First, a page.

Key story highlights:
- Symbiont Health founder Erich Meissner is advancing his medical alert system, which requires no pendants, body sensors or wearables.
- The system is testing in two retirement homes in Kensington and Gaithersburg, with 300 patients in the pilot.
- Founded in October 2016, the company has raised about $50,000 to date.
There have been many a product over the years aimed at getting help to seniors who suffered a fall. But when Erich Meissner’s grandmother had a fall of her own, her device didn’t work for her — because she wasn’t wearing it, a problem the University of Maryland alum found to be widespread.
So he’s tackling the problem with a different approach, eliminating the need to wear anything.
The new method involves Wi-Fi mesh network technology built to determine the moment someone falls. A router emits wireless signals that monitor the walls, objects and people in a room, mapping the environment. It requires no pendants, bodily sensors or wearables, unlike some other major brands on the market, for instance, and functions similarly to how submarines use sonar or how bats rely on echolocation to navigate through caves, Meissner said. Should someone fall, it fires an alert to a caregiver instantly, along with vital signs and medication information.
Now the system is testing in two retirement homes in Kensington and Gaithersburg, with 300 patients in the pilot. The hope is that they will become customers, Meissner said, and he expects to bring the system to market in September. The College Park-based company plans to sell the hardware for around $300 a piece, with a subscription model at $30 per patient per month.
Symbiont has raised about $50,000 to date, through a combination of a small personal investment, grants and awards from pitch competitions: $15,000 from the Robert H. Smith School of Business and Dingman Center for Entrepreneurship’s Pitch Dingman Competition and $5,000 from the School of Public Policy and Do Good Institute’s Do Good Challenge, among several others. The startup has also received funding and other support (education, coaching and connections) from the Do Good Accelerator at the university, with opportunities to seek further investment from its fund and investors, according to Toby Egan, faculty director for the School of Public Policy’s Do Good Campus.
“He basically is looking at a disruptive model, a very different approach,” Egan said of Meissner, for whom he’s also serving as a coach through the school’s program. “That’s always important in terms of innovation, that it has the potential really to change the way in which this significant problem is impacting us.”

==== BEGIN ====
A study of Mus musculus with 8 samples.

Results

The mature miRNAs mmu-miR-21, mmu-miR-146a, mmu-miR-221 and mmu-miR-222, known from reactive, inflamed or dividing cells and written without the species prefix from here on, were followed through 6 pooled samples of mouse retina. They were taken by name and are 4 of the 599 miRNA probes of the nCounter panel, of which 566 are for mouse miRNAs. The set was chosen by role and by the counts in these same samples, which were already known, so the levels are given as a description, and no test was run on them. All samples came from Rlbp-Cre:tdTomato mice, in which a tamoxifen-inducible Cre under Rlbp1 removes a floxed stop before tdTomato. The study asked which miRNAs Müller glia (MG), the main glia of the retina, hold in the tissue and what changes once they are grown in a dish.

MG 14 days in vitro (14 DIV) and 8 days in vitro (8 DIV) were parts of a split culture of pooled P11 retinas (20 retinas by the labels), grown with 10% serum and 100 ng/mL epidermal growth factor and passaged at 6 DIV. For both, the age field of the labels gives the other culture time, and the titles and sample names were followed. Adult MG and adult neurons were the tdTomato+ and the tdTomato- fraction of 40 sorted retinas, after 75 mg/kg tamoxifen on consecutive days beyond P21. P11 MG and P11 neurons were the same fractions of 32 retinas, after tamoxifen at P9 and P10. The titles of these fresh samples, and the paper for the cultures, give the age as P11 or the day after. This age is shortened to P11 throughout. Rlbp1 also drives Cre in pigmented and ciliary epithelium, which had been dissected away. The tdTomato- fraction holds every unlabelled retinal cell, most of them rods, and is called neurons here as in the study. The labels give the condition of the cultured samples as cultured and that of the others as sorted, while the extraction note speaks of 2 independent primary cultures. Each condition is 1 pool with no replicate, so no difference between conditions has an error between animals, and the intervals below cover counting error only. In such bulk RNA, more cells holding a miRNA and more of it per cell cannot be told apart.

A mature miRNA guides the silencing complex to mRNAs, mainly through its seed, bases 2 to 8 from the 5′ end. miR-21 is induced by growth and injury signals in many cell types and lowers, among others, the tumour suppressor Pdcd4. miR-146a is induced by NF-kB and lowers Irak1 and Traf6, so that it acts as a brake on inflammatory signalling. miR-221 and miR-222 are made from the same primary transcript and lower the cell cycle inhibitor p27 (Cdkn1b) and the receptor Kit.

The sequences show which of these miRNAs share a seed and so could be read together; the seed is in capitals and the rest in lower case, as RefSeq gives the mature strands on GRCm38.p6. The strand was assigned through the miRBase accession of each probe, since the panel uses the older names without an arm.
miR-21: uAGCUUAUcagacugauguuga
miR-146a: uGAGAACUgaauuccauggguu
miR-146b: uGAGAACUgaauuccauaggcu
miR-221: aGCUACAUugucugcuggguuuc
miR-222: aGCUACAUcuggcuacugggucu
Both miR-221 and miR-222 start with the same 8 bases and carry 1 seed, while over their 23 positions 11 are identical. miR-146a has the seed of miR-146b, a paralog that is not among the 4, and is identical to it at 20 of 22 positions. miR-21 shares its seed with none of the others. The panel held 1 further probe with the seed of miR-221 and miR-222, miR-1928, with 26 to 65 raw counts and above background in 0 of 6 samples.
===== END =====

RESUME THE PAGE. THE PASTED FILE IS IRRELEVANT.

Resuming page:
Meissner, Symbiont Health’s co-founder and CEO, started the business with his sister in October 2016 as an undergraduate electrical engineering student, to serve individuals who fall and lose consciousness and, therefore, wouldn’t be able to push a button on a bracelet or necklace. A year later they launched their first product: a wearable with the same electrical components as a Fitbit, to detect elevation changes should the wearer fall suddenly. They tested the device with 40 patients at Arden Courts of Kensington, a community for individuals with memory loss.
While it proved market demand exists, it also proved the users don’t keep them on, making them ineffective.
Then Meissner teamed up with two other students at the university, computer science major Kyle Liu and biological sciences major Maria Chen, and came across a technology created by a professor whose class he’d taken. That’s the current foundation of the business. Meissner, who will also be working at IBM, plans to tap others from his alma mater to further develop the technology, but doesn’t expect to make any new hires beyond his three-person team until the end of this year, he said.
The company will have around $20,000 in revenue for 2018, partly from the initial wearable and a consulting contract for fall prevention, for which the Symbiont team advises on home setup (like removing carpets that could lead to falls), Meissner said. He expects to raise new funding in the second quarter of 2019.
“We’re actually going to be making decisions based off of our technology in detecting falls,” he said. “The biggest mission of the company is to accelerate rescue and save lives.”